Thyme is a common herb and is generally used as a condiment or spice. Besides that, thyme is also used in herbal and domestic medicines. The medicinal properties of thyme come mainly from its essential oil which is extracted through steam distillation of fresh flowers and leaves. The chief constituents of this essential oil are Alpha Thujone, Alpha Pinene, Camphene, Beta Pinene, Para Cymene, Alpha Terpinene, Linalool, Borneol, Beta Caryophyllene, Thymol and Carvacrol.
Antibacterial: kills or inhibits bacteria.
Antiseptic: a substance that inhibits the growth and reproduction of microorganisms.
Antispasmodic: referring to something that suppresses spasms.
Carminative: relieves discomfort of gas in the digestive tract.
Cicatrizant: a healing agent.
Diuretic: increases the amount or frequency of urination.
Emmenagogue: stimulates blood flow in the pelvic area and uterus, causing menstruation.
Expectorant: a substance used to cause or induce expulsion of phlegm from the lungs.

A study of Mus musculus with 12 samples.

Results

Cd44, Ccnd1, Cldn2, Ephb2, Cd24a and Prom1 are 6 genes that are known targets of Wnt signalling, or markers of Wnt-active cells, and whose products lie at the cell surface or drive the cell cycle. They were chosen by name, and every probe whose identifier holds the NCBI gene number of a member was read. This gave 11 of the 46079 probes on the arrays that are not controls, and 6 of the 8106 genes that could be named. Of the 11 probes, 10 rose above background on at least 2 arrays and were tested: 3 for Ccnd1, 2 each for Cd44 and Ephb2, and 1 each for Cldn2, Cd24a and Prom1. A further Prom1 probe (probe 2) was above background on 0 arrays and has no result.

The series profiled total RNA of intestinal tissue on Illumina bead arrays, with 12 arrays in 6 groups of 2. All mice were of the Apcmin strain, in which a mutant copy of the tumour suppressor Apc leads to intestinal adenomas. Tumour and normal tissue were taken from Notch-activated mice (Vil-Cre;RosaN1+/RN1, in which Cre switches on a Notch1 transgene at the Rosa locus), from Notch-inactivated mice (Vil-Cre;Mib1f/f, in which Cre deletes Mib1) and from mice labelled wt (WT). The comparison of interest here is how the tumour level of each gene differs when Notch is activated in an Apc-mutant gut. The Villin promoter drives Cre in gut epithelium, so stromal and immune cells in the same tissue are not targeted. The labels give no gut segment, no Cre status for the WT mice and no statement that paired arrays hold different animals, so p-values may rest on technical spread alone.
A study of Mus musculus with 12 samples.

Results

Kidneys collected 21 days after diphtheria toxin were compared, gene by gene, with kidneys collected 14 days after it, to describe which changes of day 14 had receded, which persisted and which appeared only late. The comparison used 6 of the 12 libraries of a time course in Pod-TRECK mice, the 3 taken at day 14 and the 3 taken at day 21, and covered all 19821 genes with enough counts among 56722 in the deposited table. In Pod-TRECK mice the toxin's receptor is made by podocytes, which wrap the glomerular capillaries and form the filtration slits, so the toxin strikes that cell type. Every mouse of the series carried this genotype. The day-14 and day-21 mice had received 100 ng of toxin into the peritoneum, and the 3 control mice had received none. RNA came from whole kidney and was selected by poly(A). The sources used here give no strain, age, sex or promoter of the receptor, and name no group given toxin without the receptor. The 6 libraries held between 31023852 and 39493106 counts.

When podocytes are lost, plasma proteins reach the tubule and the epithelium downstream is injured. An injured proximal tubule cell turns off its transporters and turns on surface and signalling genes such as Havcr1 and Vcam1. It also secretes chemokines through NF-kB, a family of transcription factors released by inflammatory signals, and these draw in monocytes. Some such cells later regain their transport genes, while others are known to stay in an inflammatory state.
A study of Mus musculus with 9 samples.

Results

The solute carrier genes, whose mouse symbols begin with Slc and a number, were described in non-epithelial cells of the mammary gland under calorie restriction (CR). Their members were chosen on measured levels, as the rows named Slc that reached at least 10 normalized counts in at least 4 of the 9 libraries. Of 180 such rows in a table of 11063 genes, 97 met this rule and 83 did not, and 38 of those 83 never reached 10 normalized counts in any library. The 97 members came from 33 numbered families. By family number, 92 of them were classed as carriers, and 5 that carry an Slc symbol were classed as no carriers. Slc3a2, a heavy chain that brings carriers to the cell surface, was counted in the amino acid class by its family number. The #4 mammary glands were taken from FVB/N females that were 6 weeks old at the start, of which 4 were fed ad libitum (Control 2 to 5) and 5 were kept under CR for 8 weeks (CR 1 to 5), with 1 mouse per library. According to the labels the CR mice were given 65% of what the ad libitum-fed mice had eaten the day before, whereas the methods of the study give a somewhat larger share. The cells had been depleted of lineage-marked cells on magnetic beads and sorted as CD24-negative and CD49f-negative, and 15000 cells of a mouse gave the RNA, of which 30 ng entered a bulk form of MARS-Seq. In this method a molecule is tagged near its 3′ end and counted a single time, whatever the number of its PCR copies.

Insecticide: It keeps away insects, pests and kills them. It can be effectively used to keep parasites away from the human body like mosquitoes, fleas, lice, bed-bugs, and flies.
Stimulant: increases physiological or nervous activity in the body.
Tonic: restorative and curative; intended to invigorate.
Vermifuge: something that acts as a drug to cause expulsion or death of intestinal worms.
Other Benefits: Acts as a memory booster and antidepressant. Helps to concentrate and cure sinusitis, bronchitis, anorexia, cellulite, eczema, athlete’s foot, dermatitis, insect and animal bites, stings, laryngitis, and other infections.
Safety Warning: Avoid is pregnant or if history of high blood pressure. Moderate toxicity. Skin irritant. Never ingest essential oils without a prescription. Use carrier oil when applying to skin.